The first attempt at quantifying the impact of abortion restrictions shows major decline in Texas and nearby states.

DALLAS — The immediate impact was emotion.

People spilled onto the streets of downtown Dallas and Fort Worth – some celebrating, some protesting – when the U.S. Supreme Court overturned Roe v. Wade in June.

Four months later, researchers have made a first attempt to quantify the impact of that decision.

The Society for Family Planning collected data from abortion providers across the country.

Using that data, the society produced a report called We Count, which found an estimated 6% decline in abortions nationwide between April and August.

Researchers found an estimated 96% decline in the procedures in what they label the south-central states of Alabama, Arkansas, Kentucky, Louisiana, Mississippi, Oklahoma, Tennessee and Texas.

In Texas specifically, an estimated 2,770 were provided in April. 

That was after SB 8, which banned abortion at about six weeks, had taken effect. 

By August, the number was down to 10.

“This means there are children alive today who otherwise would not have been if not for this Supreme Court decision and this epic victory,” said Kimberlyn Schwartz of Texas Right to Life.

"I expect more data will show we’re saving even more lives than what is being shown in this study," she said.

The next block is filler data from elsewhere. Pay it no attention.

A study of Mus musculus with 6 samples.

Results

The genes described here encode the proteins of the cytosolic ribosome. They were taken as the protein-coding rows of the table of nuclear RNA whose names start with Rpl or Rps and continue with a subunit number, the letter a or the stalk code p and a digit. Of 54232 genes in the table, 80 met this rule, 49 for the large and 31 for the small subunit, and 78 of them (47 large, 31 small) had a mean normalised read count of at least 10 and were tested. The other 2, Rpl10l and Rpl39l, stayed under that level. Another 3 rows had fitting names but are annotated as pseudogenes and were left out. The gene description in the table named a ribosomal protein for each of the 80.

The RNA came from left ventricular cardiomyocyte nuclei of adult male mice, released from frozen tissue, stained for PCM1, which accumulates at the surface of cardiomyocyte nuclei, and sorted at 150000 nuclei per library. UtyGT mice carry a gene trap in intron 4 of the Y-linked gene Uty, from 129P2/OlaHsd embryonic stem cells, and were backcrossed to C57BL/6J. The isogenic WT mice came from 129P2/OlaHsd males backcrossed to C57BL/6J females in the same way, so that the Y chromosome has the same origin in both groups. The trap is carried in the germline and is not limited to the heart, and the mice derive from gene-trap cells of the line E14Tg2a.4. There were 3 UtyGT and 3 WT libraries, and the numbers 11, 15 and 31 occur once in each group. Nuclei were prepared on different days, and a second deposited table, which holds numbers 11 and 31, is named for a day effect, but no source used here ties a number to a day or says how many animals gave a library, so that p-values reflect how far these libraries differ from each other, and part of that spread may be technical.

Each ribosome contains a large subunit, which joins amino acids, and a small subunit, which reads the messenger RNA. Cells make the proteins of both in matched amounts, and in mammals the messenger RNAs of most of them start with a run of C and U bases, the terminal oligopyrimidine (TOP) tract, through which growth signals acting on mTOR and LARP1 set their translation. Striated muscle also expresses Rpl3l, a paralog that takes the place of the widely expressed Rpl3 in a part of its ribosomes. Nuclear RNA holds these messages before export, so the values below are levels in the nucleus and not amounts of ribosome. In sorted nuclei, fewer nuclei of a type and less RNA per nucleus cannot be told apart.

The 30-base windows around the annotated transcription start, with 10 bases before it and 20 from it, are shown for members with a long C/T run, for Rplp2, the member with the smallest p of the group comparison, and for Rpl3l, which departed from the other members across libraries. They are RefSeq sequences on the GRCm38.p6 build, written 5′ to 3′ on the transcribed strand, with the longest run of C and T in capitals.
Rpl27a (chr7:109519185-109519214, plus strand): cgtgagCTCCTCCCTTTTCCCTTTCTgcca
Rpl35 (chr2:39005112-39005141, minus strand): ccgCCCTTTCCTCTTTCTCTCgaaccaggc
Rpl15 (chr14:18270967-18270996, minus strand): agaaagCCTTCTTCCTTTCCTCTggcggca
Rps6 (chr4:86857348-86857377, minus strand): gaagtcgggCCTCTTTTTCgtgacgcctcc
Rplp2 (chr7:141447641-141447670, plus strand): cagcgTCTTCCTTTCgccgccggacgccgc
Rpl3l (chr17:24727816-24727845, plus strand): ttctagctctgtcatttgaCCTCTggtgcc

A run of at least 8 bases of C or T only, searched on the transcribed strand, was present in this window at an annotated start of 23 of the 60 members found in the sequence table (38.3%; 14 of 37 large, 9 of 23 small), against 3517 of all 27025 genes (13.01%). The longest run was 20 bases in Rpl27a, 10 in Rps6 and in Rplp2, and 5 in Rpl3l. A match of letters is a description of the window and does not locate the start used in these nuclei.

The report also found an increase in abortions being provided in states where the procedure remains legal.

According to the We Count report, abortions increased by 12% in New Mexico, 36% in Kansas, and 33% in Colorado between April and August.

In California, Dr. Shannon Connolly, associate medical director for Planned Parenthood Orange and San Bernadino Counties, told ABC News since the fall of Roe v. Wade she’s seen a 200% increase in patients from out of state.

It’s a trip some struggle to afford.

“Imagine having to choose between paying rent and paying for your abortion,” Connolly said. “People are literally risking homelessness to get their health care.”

When the next legislative session begins in Austin in January, some Republican lawmakers have indicated a willingness to consider adding to the Texas law an exception for abortions in cases of rape or incest.

But Schwartz said that will be met with resistance.

“If that momentum grows, we’ll be sure we put an end to that because we cannot live in a culture that says these lives are valuable and these lives are not,” Schwartz said.